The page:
What is the role of the church in a society?
That’s the question that I’ve been trying to answer for a few years. I think blogger Michael Kruse came up with the best answer. Before I get to Michael’s quote, let’s look at opinion piece by David Brooks that Kruse comments on. Brooks offer his own critique of President Obama’s second inaugural address. Here’s the crucial points:
I am not a liberal like Obama, so I was struck by what he left out in his tour through American history. I, too, would celebrate Seneca Falls, Selma and Stonewall, but I’d also mention Wall Street, State Street, Menlo Park and Silicon Valley. I’d emphasize that America has prospered because we have a decentralizing genius.
When Europeans nationalized their religions, we decentralized and produced a great flowering of entrepreneurial denominations. When Europe organized state universities, our diverse communities organized private universities. When Europeans invested in national welfare states, American localities invested in human capital.
America’s greatest innovations and commercial blessings were unforeseen by those at the national headquarters. They emerged, bottom up, from tinkerers and business outsiders who could never have attracted the attention of a president or some public-private investment commission…
I also think Obama misunderstands this moment. The Progressive Era, New Deal and Great Society laws were enacted when America was still a young and growing nation…We are no longer that nation…
Obama made his case beautifully. He came across as a prudent, nonpopulist progressive. But I’m not sure he rescrambled the debate. We still have one party that talks the language of government and one that talks the language of the market. We have no party that is comfortable with civil society, no party that understands the ways government and the market can both crush and nurture community, no party with new ideas about how these things might blend together. But at least the debate is started. Maybe that new wind will come.
Kruse then goes on to explain his own view of American society in response to a comment on the post:
Brooks is writing an op ed, not a thesis, so of course he can’t build a detailed case for his characterization of Obama. He made reference to Obama’s case for collective action. I suspect his take, like mine, is from an accretion of observation not a definitive statement.
Politics is how we govern those aspects of our lives that are truly the domain of government. Therein is the rub. Which things are in that domain? Progressives tend to see government as the hub of a wheel with other institutions of society radiating out from the center. Virtually all aspects of life are extensions of government’s agenda.
I subscribe to something akin to subsidiarity. At the center of concentric circles are the individual and the family. That circle is surrounded by extended family, neighbors, and friends. The next circle includes voluntary organizations like church, neighborhood associations, business, local schools, and such. Beyond that are city and regional government, as well as other intermediate-sized institutions. Eventually we reach the outer rim with federal government (some might include international organizations beyond that.) Each ring will have roles which only institutions in those rings can play but they exist in a subsidiary … i.e., supportive … role to the rings closer to the center.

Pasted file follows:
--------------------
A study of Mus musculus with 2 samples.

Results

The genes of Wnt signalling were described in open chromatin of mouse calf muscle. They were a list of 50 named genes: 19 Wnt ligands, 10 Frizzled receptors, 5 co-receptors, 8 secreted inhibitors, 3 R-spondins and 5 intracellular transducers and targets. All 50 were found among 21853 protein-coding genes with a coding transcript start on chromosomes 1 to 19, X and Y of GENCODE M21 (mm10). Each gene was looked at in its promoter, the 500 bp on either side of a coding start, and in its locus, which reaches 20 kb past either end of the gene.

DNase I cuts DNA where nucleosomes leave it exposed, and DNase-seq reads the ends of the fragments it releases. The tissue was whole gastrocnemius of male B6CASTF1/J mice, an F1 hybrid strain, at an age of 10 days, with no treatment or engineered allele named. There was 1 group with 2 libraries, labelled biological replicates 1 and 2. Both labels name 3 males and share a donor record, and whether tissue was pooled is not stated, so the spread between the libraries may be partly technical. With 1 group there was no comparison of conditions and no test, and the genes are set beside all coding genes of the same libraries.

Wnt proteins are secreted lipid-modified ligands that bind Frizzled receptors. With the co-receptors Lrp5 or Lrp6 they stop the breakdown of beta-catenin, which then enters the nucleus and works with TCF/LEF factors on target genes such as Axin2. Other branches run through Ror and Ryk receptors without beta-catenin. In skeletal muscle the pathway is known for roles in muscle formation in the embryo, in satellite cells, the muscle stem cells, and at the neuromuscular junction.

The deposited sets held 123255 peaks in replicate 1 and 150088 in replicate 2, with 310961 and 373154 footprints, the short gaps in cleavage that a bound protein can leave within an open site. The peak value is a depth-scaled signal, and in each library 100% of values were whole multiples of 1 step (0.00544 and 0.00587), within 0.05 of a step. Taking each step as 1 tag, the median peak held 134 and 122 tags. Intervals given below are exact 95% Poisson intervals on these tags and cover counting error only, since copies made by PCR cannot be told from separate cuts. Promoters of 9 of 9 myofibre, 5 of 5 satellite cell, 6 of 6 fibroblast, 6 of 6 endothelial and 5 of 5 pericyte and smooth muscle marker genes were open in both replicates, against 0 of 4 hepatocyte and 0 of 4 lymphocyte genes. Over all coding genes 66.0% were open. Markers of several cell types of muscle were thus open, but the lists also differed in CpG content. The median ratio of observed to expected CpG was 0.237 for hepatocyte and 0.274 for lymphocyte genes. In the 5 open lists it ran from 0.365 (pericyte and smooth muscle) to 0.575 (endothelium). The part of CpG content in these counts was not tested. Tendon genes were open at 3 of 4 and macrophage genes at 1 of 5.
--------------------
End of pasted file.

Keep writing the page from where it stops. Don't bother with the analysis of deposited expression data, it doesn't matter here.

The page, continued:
No, Obama is not a totalitarian. Neither are most progressives. Presently, too much of conservatism is an effort to create a market society, not just a market economy. My perception is that, conversely, progressives want to subsume all institutions of society into political society, not just a political government. (Emphasis mine)
In America today, the Church is seen either in service to politics or to the market. Conservative Christians tend to see the church as part of a market society, while progressives see the church as part of the political society. The church is either in service to a sort of consumerism or it’s in service to the centralizing power of the welfare state.
Of course, I don’t subscribe to either view of the church in society. But these are the two main “parties” that Christians have to choose from.
But maybe there is a third way. What if there is a civic church? Not a market church or political church, but a church engaged in society as Brooks and Kruse describe: one that can discern how the market and government can both inspire and oppress people. One that sees the church as a part of the society along with clubs and businesses. In fact, they will acknowledge that these other groups intersect with the church and not simply keep them outside of the church’s front doors.
The sad thing is that there really isn’t anyone calling for a more civic church. We need to find ways that the church can participate, not in service to the government or the market, but for the whole of society, influencing all the different spheres in a society.